Outaouais students plot election strategy

CLASSE spokesman Gabriel Nadeau-Dubois 
(Canada) CLASSE spokesman Gabriel Nadeau-Dubois said students will not campign for any particular party leading up to the election.

CBC News ) More than 400 striking students and supporters met at the Université du Québec en Outaouais in Gatineau Thursday night. It was the first large meeting of students since the term was ended suddenly by the provincial government in the spring.

With the provincial election underway, it was an opportunity for students to discuss what their strategy will be during the campaign.

Their issues are front and centre for the first time in a Quebec election, and that's not necessarily going to work in their favour.

It was one of the largest events in the Outaouais since the Quebec election was called. But this meeting was not for the politicians.

“We're proud to see this many people, it gives us a real boost,” said student Olivier Boileau.

“And it’s nice to see the strike is not dead in Gatineau and Hull. A lot of people are interested in that issue," said Adrienne Renaut.

The students were joined by one of the household names of the student movement in Quebec — Gabriel Nadeau-Dubois, spokesman for the more radical student union CLASSE (Coalition large de l'association pour une solidarité syndicale étudiante).

He said they are not supporting any particular party in the election.

“Obviously, if Charest [is] elected it will cause reflection, we'll wait to see the result, and re-adjust if they're re-elected,” Nadeau-Dubois said.

The students at the Outaouais university were not the first to go out on strike. But their fight against the administration's legal bid to re-open some classes made headlines, and at one point students took over the school cafeteria. Some members of the teachers union also supported the strike.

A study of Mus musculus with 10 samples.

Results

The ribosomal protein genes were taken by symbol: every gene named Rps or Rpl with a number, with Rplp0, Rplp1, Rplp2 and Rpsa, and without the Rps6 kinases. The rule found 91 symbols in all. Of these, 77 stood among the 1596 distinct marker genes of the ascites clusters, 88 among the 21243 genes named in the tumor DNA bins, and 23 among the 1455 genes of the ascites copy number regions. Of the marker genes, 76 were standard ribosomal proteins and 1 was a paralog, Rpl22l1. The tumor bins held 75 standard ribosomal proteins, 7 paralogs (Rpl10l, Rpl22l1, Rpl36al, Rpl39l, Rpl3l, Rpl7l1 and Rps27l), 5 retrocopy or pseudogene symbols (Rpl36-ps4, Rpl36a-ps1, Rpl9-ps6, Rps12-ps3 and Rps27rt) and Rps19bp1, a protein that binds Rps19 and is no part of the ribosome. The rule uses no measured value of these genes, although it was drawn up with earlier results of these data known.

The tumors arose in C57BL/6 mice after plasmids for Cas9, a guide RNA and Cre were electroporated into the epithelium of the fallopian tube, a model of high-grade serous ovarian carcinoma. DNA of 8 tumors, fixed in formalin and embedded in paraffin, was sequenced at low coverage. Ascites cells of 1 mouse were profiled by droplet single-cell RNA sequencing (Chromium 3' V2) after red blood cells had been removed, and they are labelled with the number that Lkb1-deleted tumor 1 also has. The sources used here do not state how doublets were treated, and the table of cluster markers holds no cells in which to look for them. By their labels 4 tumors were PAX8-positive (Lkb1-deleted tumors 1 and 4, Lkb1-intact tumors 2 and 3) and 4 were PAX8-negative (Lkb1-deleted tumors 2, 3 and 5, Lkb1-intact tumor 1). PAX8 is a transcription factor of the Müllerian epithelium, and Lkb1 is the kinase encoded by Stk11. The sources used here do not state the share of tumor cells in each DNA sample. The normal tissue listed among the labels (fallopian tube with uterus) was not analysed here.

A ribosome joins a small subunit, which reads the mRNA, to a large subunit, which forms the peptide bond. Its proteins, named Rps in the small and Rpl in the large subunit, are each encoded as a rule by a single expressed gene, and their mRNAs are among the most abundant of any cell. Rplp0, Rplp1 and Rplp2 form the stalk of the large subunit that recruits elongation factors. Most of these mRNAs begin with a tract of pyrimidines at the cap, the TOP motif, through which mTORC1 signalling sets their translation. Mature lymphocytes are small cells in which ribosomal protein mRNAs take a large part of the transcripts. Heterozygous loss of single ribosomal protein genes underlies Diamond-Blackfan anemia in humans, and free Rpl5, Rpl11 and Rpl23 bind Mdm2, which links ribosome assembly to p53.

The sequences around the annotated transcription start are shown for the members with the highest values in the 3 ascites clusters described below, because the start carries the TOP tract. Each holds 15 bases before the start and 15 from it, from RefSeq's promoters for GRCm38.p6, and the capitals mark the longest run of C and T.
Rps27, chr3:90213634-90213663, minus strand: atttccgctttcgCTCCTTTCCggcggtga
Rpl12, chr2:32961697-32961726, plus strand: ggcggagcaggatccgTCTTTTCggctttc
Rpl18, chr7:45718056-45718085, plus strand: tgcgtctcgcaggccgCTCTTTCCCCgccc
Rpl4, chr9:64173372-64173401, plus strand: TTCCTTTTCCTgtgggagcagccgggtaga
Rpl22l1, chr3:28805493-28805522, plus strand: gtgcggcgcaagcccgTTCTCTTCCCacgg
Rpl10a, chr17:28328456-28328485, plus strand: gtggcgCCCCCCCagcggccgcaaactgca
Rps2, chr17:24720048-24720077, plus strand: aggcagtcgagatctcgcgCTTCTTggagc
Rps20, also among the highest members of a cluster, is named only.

Protesters opposing Quebec student tuition fee hikes demonstrate in Montreal, Wednesday,August 1, 2012. A disorderly scene erupted in downtown Montreal at the start of Quebec's election campaign as a night protest saw several arrests, injuries, and clashes with police.

But a provincial election campaign poses a dilemma for the students.

Polls consistently suggest Premier Jean Charest's hard line on tuition fee hikes is supported by a majority of Quebecers.

The question for students is whether to campaign against the premier or lie low.

“It would be easy for them to use us and demonize us if they want to win again, and surely they will.

"I came [to the meeting] because I wanted to know [about] CLASSE… and what they have to say about the strike, and [any] new information and plan of action,” Renaut said.

Nadeau-Dubois said the students are not putting all their energy into the election campaign.

“The first thing we want to do is take advantage that people are open to discuss our ideas, rather than tell our students how to vote. It’s important to have a debate and discussion,” he said.

The student leadership is encouraging students to participate in this election by voting, and voting as they never have before.

But, in western Quebec — where all five ridings have consistently elected Liberal candidates — many students wonder if their vote will make any difference.